New York City will put nearly $10 million in penalties collected from “bad actor” developers and landlords toward the initial costs of building 600 affordable apartments, Mayor Bill de Blasio and State Attorney General Eric T. Schneiderman said Thursday.
The 23 property owners “took tax breaks and then broke all the rules” by denying rent-stabilized leases, violating tenants’ legal rights and failing to provide fair wages to workers, de Blasio said.
They were exposed in a Schneiderman probe that began in 2014. Some defied the terms of the 421-a property tax abatement program that expired in January and that the mayor has lobbied Albany to revive and reform.
“That money now can go to a particularly important purpose,” de Blasio said of Schneiderman’s settlement fund. The mayor and attorney general spoke at the site of a future 129-unit supportive housing development in Boerum Hill, Brooklyn, that will benefit from it.
The restitution will also be spent on housing for veterans, seniors, low-income families and the formerly homeless, de Blasio said.
Jackhammers and other construction noise echoed in the background during the news conference. Residential skyscrapers were rising around the site, evidence of a fast-developing neighborhood.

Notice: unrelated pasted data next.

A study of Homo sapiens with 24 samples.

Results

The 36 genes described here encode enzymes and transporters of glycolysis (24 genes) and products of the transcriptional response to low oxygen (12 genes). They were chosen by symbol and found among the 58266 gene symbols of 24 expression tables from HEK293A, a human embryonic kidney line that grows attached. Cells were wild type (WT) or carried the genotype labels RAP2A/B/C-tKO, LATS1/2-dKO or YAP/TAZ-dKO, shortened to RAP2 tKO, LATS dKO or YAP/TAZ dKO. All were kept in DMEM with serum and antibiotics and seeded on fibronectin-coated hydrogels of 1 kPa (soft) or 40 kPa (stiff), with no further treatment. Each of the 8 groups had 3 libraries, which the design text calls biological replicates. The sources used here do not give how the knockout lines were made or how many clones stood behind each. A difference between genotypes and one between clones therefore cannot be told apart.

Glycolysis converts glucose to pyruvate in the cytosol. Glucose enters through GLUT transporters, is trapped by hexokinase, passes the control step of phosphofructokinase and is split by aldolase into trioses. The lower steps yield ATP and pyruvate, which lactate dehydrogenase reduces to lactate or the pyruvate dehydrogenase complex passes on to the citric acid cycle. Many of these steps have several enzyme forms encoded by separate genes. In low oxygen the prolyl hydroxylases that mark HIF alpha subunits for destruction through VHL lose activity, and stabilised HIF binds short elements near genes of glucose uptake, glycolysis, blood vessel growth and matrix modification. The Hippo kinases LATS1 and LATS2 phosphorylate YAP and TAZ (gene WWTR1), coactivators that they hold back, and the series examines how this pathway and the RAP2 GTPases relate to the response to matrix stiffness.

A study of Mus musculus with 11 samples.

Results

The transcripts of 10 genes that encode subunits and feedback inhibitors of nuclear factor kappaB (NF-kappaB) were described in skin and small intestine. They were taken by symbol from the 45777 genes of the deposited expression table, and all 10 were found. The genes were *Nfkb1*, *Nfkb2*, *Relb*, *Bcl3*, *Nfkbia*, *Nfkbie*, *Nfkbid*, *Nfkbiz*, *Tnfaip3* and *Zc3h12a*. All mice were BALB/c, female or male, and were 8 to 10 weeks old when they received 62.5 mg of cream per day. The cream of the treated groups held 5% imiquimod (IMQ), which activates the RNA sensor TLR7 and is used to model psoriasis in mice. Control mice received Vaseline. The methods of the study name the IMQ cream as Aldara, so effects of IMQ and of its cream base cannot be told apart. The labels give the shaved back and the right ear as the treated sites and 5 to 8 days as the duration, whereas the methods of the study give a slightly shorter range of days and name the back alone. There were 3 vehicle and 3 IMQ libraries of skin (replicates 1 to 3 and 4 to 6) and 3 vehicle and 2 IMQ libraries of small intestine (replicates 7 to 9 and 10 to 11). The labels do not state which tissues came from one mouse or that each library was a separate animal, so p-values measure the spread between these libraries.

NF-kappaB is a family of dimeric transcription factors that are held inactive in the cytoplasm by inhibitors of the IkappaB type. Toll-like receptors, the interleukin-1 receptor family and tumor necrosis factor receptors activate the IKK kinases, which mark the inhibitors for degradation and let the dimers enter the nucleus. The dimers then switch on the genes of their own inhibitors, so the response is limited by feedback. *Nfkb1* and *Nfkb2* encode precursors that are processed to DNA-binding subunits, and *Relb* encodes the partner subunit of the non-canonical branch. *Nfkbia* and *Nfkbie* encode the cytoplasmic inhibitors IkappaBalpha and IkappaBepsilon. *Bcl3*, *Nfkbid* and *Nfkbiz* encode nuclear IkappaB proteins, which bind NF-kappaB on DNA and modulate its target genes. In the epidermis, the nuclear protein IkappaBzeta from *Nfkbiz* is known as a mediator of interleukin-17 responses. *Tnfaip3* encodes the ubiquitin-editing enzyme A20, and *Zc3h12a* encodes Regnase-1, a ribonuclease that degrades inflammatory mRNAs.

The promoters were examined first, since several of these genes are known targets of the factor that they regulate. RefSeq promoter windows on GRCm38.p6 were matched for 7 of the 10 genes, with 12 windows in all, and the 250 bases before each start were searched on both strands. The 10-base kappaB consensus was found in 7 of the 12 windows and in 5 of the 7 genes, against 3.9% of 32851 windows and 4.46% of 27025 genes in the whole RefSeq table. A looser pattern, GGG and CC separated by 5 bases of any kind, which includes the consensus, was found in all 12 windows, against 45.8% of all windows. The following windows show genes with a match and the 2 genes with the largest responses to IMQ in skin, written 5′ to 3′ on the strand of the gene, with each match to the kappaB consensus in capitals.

“The real estate market here has never been hotter,” Schneiderman said of the city, “and it’s up to those of us in government to ensure that while people are building and making money, all of the people of the city . . . are able to share in it.”
The “financing packages” to cover the remainder of the costs of the 600 lower-rent units were still being put together, and the city is working with the state, city Housing Commissioner Vicki Been said.
De Blasio said he had “no idea” whether the 421-a initiative will be ultimately included in the separate budget resolutions now under discussion by the State Senate and Assembly. He reiterated that he wanted the program reformed but not scrapped entirely.
“There’s a lot of awareness in Albany that this is part of how we create affordable housing,” he said. “Without action, a certain amount of affordable housing will keep waiting and can’t be built,” de Blasio said.